New Web site chronicles 1936 Gainesville tornado disaster and recovery

Athens, Ga. – A new Web site at the Digital Library of Georgia, The 1936 Gainesville Tornado: Disaster and Recovery, provides a vivid portrayal of the ill-fated morning of April 6, 1936, when a series of deadly tornadoes ripped through the heart of the Gainesville.

In the wake of the disaster more than 200 men, women and children were killed, an estimated 1,600 citizens were injured and hundreds of businesses and residences destroyed. Today, the Gainesville tornado disaster of 1936 stands as one of the worst weather-related disasters in the history of the state and is widely regarded as the 5th deadliest tornado episode in recorded United States history.

The disaster’s aftermath is depicted through moving and still images presented using interactive maps of downtown Gainesville. The site includes an historical essay recounting the tornado outbreak and the massive recovery effort that culminated in the 1938 dedication of the new city hall and county courthouse by President Franklin Roosevelt.

The centerpiece of the site is a film taken shortly after the outbreak. The 33-minute film probably was shot for insurance purposes, according to Toby Graham, director of the digital library, and focuses on the devastation of the commercial and governmental center of Gainesville, but also includes footage of damage to nearby residential areas.

Using an interactive navigation map, visitors to the site may view selections of the tornado film that relate to specific locations in downtown Gainesville. Examples include the area surrounding the Cooper Pants Factory, which collapsed and burned as a result of the tornado, killing 60 of the mostly young woman and girls who worked there. A map depicts the public square, where rescuers dynamited buildings to control the rapid spread of fire.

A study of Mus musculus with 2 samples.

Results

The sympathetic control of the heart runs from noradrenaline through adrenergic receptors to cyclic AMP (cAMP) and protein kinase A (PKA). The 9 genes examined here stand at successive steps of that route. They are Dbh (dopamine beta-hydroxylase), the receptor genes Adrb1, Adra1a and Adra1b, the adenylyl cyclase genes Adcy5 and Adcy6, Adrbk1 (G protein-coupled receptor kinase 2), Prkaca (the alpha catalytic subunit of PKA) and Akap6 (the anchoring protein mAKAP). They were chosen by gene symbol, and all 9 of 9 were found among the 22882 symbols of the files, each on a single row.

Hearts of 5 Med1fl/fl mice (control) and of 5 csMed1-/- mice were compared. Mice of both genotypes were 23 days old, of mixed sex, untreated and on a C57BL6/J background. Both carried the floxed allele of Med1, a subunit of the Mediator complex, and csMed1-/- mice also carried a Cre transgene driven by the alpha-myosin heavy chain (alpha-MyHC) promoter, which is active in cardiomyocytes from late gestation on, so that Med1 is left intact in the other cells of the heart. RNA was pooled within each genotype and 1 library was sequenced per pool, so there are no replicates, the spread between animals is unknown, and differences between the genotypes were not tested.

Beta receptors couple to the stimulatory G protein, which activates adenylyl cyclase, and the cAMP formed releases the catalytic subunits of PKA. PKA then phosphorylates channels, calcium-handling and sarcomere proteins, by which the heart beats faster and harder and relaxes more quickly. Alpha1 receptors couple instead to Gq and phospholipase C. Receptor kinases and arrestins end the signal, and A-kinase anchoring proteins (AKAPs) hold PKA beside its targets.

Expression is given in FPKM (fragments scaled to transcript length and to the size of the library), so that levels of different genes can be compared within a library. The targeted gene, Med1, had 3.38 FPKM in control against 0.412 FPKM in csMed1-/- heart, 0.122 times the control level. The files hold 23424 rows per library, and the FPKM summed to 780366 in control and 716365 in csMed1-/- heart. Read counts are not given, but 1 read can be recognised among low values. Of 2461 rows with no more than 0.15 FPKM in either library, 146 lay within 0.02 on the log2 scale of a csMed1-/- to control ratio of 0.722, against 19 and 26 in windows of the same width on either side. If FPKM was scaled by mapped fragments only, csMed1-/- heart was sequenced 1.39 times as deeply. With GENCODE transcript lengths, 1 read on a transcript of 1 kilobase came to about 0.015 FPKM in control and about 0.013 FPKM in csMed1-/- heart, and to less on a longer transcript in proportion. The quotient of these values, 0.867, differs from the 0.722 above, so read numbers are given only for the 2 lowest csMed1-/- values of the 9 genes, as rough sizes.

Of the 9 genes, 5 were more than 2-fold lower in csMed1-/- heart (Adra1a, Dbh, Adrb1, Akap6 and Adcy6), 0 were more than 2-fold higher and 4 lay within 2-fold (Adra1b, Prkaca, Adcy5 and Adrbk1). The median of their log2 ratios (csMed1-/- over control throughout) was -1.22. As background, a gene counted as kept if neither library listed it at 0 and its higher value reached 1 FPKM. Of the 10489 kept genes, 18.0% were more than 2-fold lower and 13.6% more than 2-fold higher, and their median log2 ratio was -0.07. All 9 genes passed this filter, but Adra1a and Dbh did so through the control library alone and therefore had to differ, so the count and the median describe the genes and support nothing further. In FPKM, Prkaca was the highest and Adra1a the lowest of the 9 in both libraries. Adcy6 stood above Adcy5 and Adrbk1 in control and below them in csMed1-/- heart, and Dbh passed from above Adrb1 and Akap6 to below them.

Project participant Ed Johnson, a former photograph interpreter for the U.S. Navy, painstakingly matched each scene of the film to its appropriate location on the maps using old photographs, insurance maps and historical accounts.

In addition to the film, the site includes still images from the Vanishing Georgia photograph collection and the Hall County Library System Historical Photograph Collection. Upcoming enhancements will include an online exhibit to provide additional information about the tornado event itself as well as coverage of the extensive recovery effort afterwards.

The original Gainesville tornado film has been donated to the University of Georgia Libraries where it is being preserved as a part of the Walter J. Brown Media Archives and Peabody Awards Collection at The University of Georgia Libraries.

The Gainesville tornado Web site is available at:

The 1936 Gainesville Tornado: Disaster and Recovery is a project of the Digital Library of Georgia, housed at the UGA Libraries, in association with the Hall County Library System and the Walter J. Brown Media Archives and Peabody Awards Collection as part of the Georgia HomePLACE initiative. The project is supported with federal LSTA funds administered by the Institute of Museum and Library Services through the Georgia Public Library Service.